Aardvark DailyNew Zealand's longest-running online daily news and commentary publication, now in its 24th year. The opinion pieces presented here are not purported to be fact but reasonable effort is made to ensure accuracy.
Content copyright © 1995 - 2018 to Bruce Simpson (aka Aardvark), the logo was kindly created for Aardvark Daily by the folks at aardvark.co.uk
Please visit the sponsor!
A regular reader sent me a link to an interesting piece on climate change, aka global warming, aka climate disruption.
this piece discusses the possibility of a sudden change in the ocean currents producing a very rapid and very severe change to the climate in some parts of the world.
This was of course the premise for one of those awful disaster movies back near the turn of the century but it seems that it has a sound basis in science.
The most reassuring part of the video included in this report was the presenter's insistence that we don't really know what's going to happen. Refreshingly honest and much more credible than simply predictions of gloom and doom.
I find it very interesting however, that we're now being fed a somewhat different line by the "experts".
Previously, whenever an event didn't match the predicted global warming pattern, the "experts" dismissed it as "just weather" and said that such anomalies were to be expected.
Now however, it seems that we're being told these extreme variations in temperature over very short periods are quite normal and are indeed a part of the climatic variations that we should expect.
Is it climate or is it weather?
I guess it depends on how you're trying to arrange the data to suit your beliefs.
It strikes me as kind of odd that while the world is worried that some little North Korean despot might drop a nuke with just a few kilotons of destructive force somewhere in the world -- we have a ticking time bomb of gargantuan proportion sitting on our back doorstep just waiting to unleash a disaster which would be more devastating by many orders of magnitude.
At most, one of Kimmie's nukes would kill perhaps a few hundred thousand people -- but if the critical ocean currents which keep North America and much of Northern Europe habitable were to stop -- well hundreds of millions of lives would be be lost.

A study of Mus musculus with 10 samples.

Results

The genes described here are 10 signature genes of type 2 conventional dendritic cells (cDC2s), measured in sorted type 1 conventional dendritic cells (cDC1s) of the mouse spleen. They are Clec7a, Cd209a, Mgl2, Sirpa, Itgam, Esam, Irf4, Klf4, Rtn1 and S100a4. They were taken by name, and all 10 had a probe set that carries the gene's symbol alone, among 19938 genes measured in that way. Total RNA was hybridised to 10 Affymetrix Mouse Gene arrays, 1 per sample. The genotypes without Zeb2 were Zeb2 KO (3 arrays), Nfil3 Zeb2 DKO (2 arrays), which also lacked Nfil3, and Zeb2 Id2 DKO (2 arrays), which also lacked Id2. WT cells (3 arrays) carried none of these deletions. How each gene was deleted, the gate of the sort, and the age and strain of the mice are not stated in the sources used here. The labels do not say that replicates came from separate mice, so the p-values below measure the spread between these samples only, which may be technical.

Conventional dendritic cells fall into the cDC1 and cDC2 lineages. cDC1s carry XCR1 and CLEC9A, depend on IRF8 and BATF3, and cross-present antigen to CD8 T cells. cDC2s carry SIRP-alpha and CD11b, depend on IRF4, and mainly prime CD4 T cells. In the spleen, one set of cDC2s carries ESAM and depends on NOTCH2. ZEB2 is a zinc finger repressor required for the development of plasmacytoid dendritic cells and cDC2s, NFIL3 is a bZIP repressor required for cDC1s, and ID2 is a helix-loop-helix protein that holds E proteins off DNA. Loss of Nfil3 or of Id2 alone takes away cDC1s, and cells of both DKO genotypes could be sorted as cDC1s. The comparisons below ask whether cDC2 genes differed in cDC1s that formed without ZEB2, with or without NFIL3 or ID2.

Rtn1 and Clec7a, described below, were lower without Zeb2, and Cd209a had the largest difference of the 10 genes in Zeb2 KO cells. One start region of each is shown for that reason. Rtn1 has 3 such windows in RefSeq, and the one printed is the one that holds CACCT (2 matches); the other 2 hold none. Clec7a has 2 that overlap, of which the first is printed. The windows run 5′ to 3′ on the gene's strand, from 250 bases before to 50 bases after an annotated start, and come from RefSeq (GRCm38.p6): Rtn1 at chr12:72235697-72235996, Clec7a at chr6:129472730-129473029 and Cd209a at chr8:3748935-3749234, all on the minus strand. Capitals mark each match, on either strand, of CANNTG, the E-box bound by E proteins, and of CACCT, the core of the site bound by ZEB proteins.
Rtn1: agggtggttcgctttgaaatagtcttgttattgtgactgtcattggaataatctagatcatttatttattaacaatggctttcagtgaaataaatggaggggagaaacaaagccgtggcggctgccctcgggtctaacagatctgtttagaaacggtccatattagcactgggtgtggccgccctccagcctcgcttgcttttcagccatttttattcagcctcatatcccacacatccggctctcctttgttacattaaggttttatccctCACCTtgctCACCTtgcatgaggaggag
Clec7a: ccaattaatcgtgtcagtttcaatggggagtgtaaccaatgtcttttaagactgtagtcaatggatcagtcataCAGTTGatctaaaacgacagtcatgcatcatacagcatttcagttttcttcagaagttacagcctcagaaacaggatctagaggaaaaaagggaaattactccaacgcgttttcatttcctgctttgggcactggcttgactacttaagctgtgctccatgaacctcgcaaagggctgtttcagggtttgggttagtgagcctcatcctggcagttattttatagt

An overnight ice-age, and apparently it really would be almost that fast, would kill many within days by way of exposure and many, many more over a longer period due to the disruptive effects it would have on food production. The loss of the US Midwestern food belt to ice and snow would devastate that nation and it's unlikely the rest of the world could provide sufficient food to compensate.
Fish stocks in the oceans would also be devastated leaving many coastal regions in a state of famine as well.
So what are we doing to try and prevent this?
Um... perhaps not enough?
To be honest, I'm not wholly sold on the concept of AGW so I don't know that there's a hell of a lot we can do -- but at least giving it a go has to be better than simply sitting there watching the fuse burn ever shorter on cataclysmic climate change.
Or I guess you can be a fatalist and say that we're just passengers on this blue orb floating through space and we just have to take whatever hand we're dealt. The planet has already seen a number of extinction-level events and there is no doubt that it will see a lot more before it is finally engulfed by the sun in its death throes.
What do readers think?
Are we doing what humans tend to do -- ignore the things we can't change because it would be wasted effort to fret and worry about them? Or are we prioritising things so badly that we're missing the opportunity to avoid this cataclysmic melt-down?
Please visit the sponsor!
Have your say in the Aardvark Forums.